A Brief Word About Twitter

Sorry, this is a little self-indulgent, but I feel bad…someone wanted to follow me on Twitter just now, and I turned them down, so that’s the first real person I’ve said “no” to, I think…and I’m a sap to give a damn but I figure I might as well say something about it.  Because even the corporate and business-based Twitter accounts are doubtless run by real people, and I appreciate that, but…

Basically I like to keep it all pretty small on Twitter.  I get a lot of use out of it that way, and I’m leery of expanding my tiny little circle for fear it’ll get less useful.  Also, for someone who’s really into something that I kind of hate…Twitter’s a bit of an “inside voice” for me, I don’t exactly edit myself a whole lot, so it’s nothing personal but I don’t want to have to start.  And yet I don’t want to put a thumb in anybody’s eye, either.  So if you’re out there, person I just gave the boot to, then please don’t take offence.  I never get pissed if someone drops me or chooses not to follow me, or decides they don’t want me following them:  everybody’s got to manage their Internet time as they think best, or it stops being a benefit.  And basically I don’t even necessarily track writers and artists I like.  Or get tracked by them.  So.

No offence taken, I hope.  Certainly none was intended.

Okay, back from sappy commercial in four…three…two…


8 responses to “A Brief Word About Twitter

  1. I’m a little nonplussed that you’re on Twitter in the first place. Since when do you have anything to say that comes in at 140 characters or less?

    Not that I know anything about it; I’ve never used Twitter for anything. What are the implications of having someone follow you that you don’t want to have following you? Is it not like having someone subscribing to your RSS feed?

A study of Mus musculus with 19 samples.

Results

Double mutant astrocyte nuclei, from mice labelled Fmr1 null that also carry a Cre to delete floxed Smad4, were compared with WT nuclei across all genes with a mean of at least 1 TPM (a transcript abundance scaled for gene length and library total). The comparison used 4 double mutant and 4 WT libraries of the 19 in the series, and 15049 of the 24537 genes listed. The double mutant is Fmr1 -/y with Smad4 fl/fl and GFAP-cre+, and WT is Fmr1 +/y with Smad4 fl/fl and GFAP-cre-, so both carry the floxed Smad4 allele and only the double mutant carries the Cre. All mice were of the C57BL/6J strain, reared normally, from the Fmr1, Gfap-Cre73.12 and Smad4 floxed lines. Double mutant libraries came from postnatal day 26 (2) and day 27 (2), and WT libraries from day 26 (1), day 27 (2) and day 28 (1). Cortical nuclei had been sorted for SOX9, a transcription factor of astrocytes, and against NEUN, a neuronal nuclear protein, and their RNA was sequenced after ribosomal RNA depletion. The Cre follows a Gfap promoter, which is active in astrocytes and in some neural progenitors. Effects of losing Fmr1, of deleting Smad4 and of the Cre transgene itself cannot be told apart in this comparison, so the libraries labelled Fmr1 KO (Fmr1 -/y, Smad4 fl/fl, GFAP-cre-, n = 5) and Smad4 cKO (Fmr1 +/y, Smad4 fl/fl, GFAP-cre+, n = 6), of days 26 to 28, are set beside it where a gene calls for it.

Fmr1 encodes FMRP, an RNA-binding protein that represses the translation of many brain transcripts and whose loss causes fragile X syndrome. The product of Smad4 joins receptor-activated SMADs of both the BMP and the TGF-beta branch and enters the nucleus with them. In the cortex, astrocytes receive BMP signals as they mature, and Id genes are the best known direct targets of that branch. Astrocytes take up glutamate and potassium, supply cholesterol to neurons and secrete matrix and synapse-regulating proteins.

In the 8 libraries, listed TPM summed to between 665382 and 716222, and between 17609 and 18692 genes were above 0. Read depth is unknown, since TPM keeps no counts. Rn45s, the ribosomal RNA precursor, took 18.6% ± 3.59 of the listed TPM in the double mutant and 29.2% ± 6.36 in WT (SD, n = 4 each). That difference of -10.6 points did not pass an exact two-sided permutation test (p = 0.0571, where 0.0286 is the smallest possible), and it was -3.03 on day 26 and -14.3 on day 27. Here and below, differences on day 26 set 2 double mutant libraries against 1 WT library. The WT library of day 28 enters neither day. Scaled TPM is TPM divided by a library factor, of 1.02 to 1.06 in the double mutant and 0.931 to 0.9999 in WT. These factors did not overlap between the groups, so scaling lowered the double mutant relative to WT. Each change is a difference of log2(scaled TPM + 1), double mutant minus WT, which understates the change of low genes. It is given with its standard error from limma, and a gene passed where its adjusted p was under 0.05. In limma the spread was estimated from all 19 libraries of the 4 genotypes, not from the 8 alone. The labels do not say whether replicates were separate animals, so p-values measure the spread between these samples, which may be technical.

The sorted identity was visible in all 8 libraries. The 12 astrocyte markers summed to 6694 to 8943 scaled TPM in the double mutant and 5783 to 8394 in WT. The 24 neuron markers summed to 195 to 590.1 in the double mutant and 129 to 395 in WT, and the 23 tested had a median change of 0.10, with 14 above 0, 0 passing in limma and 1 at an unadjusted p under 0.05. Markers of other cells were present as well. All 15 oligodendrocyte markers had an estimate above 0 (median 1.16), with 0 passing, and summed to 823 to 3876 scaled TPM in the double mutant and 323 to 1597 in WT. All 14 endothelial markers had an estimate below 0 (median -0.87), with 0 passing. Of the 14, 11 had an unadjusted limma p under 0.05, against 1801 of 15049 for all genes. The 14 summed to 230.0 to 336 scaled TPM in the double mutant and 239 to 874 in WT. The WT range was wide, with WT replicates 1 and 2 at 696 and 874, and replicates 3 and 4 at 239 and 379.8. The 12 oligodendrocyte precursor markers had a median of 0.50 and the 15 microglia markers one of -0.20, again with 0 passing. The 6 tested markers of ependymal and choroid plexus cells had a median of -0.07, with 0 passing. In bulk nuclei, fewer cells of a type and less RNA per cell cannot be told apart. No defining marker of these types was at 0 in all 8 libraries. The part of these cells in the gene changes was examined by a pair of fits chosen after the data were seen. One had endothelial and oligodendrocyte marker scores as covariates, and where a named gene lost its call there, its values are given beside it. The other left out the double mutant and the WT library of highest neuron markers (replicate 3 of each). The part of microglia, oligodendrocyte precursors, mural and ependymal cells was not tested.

2. I’ve been twittering in a slightly bemused way for a couple of weeks now, but I have no idea what it’s all about. Apparently Stephen Fry does it a lot. And grammatically-challenged sportsmen with grudges against their employers.

  3. Matthew: ha, it’s funny because it’s sad and true.

    There’s no particular hassle with having someone follow you on Twitter — although spammers are always up to something — but the whole idea of this blog was that it was going to be public, whereas I’m only on Twitter because Dave Fiore sent me an invite-email. Not that I’ve turned away anyone who wasn’t a spammer before…but in this case, the person seemed like a sort of booster of stuff that I’ve been known to use foul language about, and I thought…really, do I want to be thinking about being an asshole, do I want to be deciding to be one?

    Clone: Twitter’s a pretty good place to get a news-feed filtered through a taste-group, I find — with a small little clutch of connections, I’ve gotten to have a good feel for what kinds of links are going to pop up, and they’re just about all useful. Also people have been known to say funny things! I definitely found it hard to wrap my head around at first, though. Also sometimes there’s a bloom of “retweeted” information that starts spreading, that can be stuff you didn’t know you wanted to know about. It can absolutely be a handy thing. Although when I see people using it like Facebook, I kind of grit my teeth — how can anyone function when everything 1500 people say shows up for you to read? The very definition of “wall of text”, I don’t know how people manage that kind of intake. But, different strokes I guess…

  4. But hey…it occurs to me that if the person I disallowed isn’t reading this, then they had no good reason to want to follow me anyway, eh? It was a business-related site, after all…

  5. Sea: it’s a little bit of a problem for many! And easily fixed, but it remains to be seen if anyone will want to.

    You should stay off Facebook anyway, it’s next decade’s Enron.